The Reserve Bank of Zimbabwe recently revealed that some 25,188 of its value-preserving gold coins were sold between July 2022 and Jan. 13. According to the central bank governor, John Mangudya, the gold coins “have proved to be an effective open market instrument for mopping up excess liquidity in the economy.”
Gold Coins as Alternative Value Preservation Tool
According to the Zimbabwean central bank, about 25,188 “Mosi-oa-Tunya” gold coins valued at over $28 million (ZWD$20 billion) were sold between July 2022 — when the coins were initially introduced — and Jan. 13. From this total, acquisitions by the so-called corporates accounted for 84% “while purchases by individuals accounted for 16%.”
Initially launched to act as “an alternative retail investment product for value preservation,” for the wealthy, the bank said lower denomination gold coins introduced in Nov. 2022 “accounted for 38% of all sales.”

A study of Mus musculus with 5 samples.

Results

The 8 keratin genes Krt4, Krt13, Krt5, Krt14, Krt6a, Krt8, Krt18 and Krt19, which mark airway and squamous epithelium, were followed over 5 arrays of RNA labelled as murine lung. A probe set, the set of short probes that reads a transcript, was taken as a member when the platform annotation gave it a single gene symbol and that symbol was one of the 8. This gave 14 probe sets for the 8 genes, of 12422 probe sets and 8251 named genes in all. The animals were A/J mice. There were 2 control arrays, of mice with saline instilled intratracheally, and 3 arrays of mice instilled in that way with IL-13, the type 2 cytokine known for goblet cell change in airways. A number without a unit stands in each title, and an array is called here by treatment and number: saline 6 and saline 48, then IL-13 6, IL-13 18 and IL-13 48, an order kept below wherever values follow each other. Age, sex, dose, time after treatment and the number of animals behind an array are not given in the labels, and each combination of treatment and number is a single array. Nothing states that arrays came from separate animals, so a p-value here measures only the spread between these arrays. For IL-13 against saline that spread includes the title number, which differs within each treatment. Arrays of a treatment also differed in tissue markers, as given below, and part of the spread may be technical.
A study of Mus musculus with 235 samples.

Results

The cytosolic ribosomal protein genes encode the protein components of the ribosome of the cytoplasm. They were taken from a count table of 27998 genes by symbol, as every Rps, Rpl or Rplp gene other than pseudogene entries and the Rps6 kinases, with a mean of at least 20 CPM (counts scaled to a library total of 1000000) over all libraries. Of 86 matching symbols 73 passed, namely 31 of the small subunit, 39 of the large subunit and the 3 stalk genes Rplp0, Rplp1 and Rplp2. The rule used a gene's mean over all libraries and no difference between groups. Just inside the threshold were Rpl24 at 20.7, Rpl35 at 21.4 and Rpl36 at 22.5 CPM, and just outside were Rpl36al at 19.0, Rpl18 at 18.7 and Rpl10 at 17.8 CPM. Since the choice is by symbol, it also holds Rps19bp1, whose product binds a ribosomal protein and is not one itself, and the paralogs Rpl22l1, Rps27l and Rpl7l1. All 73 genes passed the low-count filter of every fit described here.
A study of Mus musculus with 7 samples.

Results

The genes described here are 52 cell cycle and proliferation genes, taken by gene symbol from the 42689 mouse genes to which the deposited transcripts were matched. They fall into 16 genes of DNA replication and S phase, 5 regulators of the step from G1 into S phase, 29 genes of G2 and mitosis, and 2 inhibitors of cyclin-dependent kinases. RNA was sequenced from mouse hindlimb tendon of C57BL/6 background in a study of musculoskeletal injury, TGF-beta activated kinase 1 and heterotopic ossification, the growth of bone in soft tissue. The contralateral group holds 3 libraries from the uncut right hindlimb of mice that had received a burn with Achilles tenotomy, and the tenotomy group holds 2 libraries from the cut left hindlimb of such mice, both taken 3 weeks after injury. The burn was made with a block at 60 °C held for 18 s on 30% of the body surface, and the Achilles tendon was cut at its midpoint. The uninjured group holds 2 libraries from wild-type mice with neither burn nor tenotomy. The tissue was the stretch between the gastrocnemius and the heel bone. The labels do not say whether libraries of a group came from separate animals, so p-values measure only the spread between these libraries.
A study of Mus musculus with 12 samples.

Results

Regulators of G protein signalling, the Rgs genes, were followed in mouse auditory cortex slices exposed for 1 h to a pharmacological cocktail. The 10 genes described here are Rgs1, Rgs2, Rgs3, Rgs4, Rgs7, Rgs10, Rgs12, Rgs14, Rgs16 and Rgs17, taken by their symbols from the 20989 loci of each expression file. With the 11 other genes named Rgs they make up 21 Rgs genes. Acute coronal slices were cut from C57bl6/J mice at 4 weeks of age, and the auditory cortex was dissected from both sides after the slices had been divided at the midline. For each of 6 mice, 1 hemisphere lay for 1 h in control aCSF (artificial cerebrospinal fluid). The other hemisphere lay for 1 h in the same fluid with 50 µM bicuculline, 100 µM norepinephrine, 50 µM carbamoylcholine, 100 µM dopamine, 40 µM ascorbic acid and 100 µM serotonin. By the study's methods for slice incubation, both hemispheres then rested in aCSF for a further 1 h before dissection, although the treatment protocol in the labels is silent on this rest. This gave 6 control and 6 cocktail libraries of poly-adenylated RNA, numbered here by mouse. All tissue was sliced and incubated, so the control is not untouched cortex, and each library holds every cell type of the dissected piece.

Commenting on the gold coins’ impact since their introduction, Reserve Bank of Zimbabwe (RBZ) governor John Mangudya said:
The coins have proved to be an effective open market instrument for mopping up excess liquidity in the economy and a retail investment product for preserving value for investable funds.
The RBZ governor added that the coins, which have a 180-day vesting period, along with the bank’s high-interest rate policy, played a part in stabilizing inflation and the local currency’s exchange rate versus the greenback.
Zimbabwe’s Receding Inflation
According to the local statistical office, Zimstats, the southern African country’s month-on-month inflation fell from a high of 30.74% in June 2022 to 1.1% in Jan. 2023. Despite this slowdown, Zimbabwe’s latest annual inflation rate of 230% remains one of the highest globally.
Concerning the Zimbabwean dollar’s exchange rate versus the U.S. dollar, the latest RBZ data suggests that the parallel market premium dropped from a high of nearly 100% on July 1, 2022, to well under 50% by Dec. 19, 2022. As shown by the data, the local currency’s auction market exchange rate, which stood at just over ZWL100:USD1 on Jan. 11, 2022, closed the year at approximately ZWL700:USD1. According to the RBZ data, the local currency’s parallel market exchange rate on Dec. 19 stood at approximately 900:1.
Meanwhile, in his 2023 monetary policy statement, RBZ governor Mangudya said the bank “will continue to avail gold coins on a demand-driven basis as it seeks to promote a savings culture.”